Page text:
Right on the heels of my white paper, the Dean of Harvard Medical School publishes an op-ed in today’s Globe makes essentially the same argument as the paper, only more succinctly, coherently, and compellingly. As the pull-quote summarizes: “The revolution in medical technology requires a revolution in training.” From a general view, law and medicine (and their respective professional schools) share a lot in common.

Here’s a letter I sent to the Globe responding to this excellent and timely piece:

Joseph Martin raises the same concerns that lawyers have about the growing role of computers in our work (“Digital Doctoring,” Op-Ed, March 29). “Rip it out” is how many law professors react to laptops in the classroom. No surprise, then, that a recent study I authored found that law students and lawyers have scarce opportunity to learn new skills like how to manage complex global teams using technology.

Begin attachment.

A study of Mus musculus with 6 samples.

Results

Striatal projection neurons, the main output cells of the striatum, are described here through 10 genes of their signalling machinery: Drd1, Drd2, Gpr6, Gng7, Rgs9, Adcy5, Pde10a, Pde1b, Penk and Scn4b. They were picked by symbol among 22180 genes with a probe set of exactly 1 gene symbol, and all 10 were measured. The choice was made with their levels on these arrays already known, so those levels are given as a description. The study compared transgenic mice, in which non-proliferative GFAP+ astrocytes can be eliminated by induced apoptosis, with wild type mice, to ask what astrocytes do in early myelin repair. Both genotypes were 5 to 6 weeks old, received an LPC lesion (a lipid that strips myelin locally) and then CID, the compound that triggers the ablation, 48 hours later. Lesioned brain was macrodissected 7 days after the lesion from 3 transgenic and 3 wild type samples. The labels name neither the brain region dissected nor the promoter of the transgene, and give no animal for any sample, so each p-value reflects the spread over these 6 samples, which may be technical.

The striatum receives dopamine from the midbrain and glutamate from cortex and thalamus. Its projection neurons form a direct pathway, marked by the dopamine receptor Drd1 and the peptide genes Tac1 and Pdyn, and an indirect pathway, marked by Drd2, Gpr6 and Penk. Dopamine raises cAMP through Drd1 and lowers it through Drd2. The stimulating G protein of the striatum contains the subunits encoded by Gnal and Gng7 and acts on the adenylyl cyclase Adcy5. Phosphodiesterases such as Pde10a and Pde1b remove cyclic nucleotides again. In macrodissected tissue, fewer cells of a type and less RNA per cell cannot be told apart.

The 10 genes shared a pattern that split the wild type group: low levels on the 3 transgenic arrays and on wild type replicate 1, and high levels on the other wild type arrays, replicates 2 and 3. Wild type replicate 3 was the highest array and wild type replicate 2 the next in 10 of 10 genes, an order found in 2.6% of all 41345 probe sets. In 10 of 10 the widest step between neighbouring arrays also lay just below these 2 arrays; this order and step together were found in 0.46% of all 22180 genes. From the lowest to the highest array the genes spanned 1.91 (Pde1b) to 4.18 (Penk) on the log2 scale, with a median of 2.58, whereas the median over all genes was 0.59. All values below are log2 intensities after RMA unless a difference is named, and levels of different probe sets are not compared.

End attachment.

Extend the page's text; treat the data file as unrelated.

As in medicine, the cost of ignoring technology is high. In a nation where fewer than 4 in 10 middle-class Americans facing legal problems have access to an attorney (3 in 10 for low-income individuals), technology can enable lawyers to meet the need by working smarter. For example, software developed at Chicago-Kent Law School helps clients fill out paperwork by translating legalese into plain English. Attorneys need more tools like this – and the skill to use them.

It’s easy to assume that “digital natives” will figure it all out with time. But best practice emerges when someone bothers to study what works – a role that medical schools have long played for doctors. Law schools today have a similar opportunity to partner with practicing attorneys to discover digital responses to the ancient call of justice.

As always, the challenge of keeping under 200 words pushes the question of what’s really at stake. To me it really is about addressing unmet legal needs through better leverage of scarce resources (aka lawyers).